Trio of new wines named for ships of Muizenberg battle

steenberg farm wine
The Battle of Muizenberg in 1795 inspired the naming of Steenberg’s new trio of wines, named for three of the Royal Navy ships that took part in claiming the Cape Colony for Britain

A pair of cannon, a few remnants of a stone fort and an information sign on a mountain slope above Muizenberg in Cape Town are all that mark the site of a brief but significant battle that in 1795 changed the course of South African history.

To cut a long story short, the Cape had been a Dutch colony since Jan van Riebeeck’s arrival in 1652, providing a strategically important supply station for both the Dutch and their allies, Great Britain, on the lucrative shipping route to between Europe and the colonies of the Far East.

When France’s capture of the Dutch Republic during the French Revolutionary Wars of the 1790s threatened to cut off the British East India Company’s access to this vital re-supply port, the British government dispatched a military force to secure control of the Cape.

A fleet of nine Royal Navy ships anchored in Simon’s Bay in June 1795 and, having failed to persuade the Dutch to surrender, a small army was landed to march on Cape Town. On August 7, as they marched on the Dutch fort at Muizenberg, they were supported by four warships firing broadsides over the beach at the Dutch.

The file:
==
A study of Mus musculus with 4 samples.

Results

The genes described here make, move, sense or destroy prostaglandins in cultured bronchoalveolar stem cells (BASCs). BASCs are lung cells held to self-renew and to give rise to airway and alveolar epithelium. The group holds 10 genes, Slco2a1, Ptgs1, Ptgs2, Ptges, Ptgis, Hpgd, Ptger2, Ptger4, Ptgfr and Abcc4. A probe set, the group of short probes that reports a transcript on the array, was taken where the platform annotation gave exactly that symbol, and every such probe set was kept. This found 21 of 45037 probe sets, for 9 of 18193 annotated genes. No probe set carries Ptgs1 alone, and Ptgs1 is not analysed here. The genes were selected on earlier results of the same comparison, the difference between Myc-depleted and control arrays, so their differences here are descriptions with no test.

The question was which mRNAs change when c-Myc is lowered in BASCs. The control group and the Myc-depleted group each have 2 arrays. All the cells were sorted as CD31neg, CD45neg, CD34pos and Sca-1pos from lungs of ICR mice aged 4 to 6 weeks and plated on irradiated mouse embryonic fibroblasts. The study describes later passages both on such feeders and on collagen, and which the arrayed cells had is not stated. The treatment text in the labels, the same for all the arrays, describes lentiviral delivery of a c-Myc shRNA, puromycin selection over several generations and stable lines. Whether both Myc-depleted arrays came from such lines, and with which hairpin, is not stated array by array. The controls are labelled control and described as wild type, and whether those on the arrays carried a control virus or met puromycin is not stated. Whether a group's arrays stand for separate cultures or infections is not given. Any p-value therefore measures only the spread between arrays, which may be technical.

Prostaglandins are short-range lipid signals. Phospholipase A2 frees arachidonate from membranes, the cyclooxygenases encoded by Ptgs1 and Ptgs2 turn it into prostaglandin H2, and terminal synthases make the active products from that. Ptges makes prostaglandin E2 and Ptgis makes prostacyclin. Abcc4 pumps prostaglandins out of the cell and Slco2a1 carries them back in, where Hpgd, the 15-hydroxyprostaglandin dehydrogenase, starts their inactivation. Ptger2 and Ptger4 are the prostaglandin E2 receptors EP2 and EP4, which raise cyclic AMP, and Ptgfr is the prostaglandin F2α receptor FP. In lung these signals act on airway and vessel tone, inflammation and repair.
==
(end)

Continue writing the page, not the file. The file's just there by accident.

The Dutch retreated, and after several more weeks of fighting and the arrival of a larger British force, they surrendered the Cape – and the rest, as they say, is history. (For the detail-oriented, yes, the Cape did go back to the Dutch in 1802 and was reclaimed by the British in 1806.)

Overlooking all this action from the slopes of the Constantiaberg was a farm called Swaaneweide, where the Russow family had been making wine for a century, and hosting travellers between the colony’s two official ports of Simon’s Bay and Table Bay.

That today is Steenberg farm, where they’ve recently released three new wines named for three of those British warships – the Sphynx, the Stately and the Ruby.

With distinctive packaging, the wines are intended to fill a gap in the Steenberg portfolio and offer “more choice at an attractive price point”.

Sphynx is a gently elegant barrel- fermented chardonnay with subtle vanilla and spice rounding out the wine’s typical citrus and limestone notes, all well integrated for a really enjoyable wine (R135 cellar door).

The Ruby rosé (R86) is a syrah-cinsault blend, zingy and fresh with lots of red berry fruit, a nice crispy edge and some creamy-spicy complexity.

A super summer wine with depth – and, lesson learnt, not to be over-chilled as the fruit disappears if it’s ice-ice-cold.
Stately really is “stately” – a full-bodied, elegant 2015 cabernet sauvignon-shiraz blend with dark, juicy fruit and some leathery spiciness.

Dense, opulent and silky – easy enough to drink on its own and great with rich, meaty dishes – it punches well above its weight at a price of R135 from the cellar.

The Steenberg “Fleet Range” is fairly widely available in local retail outlets.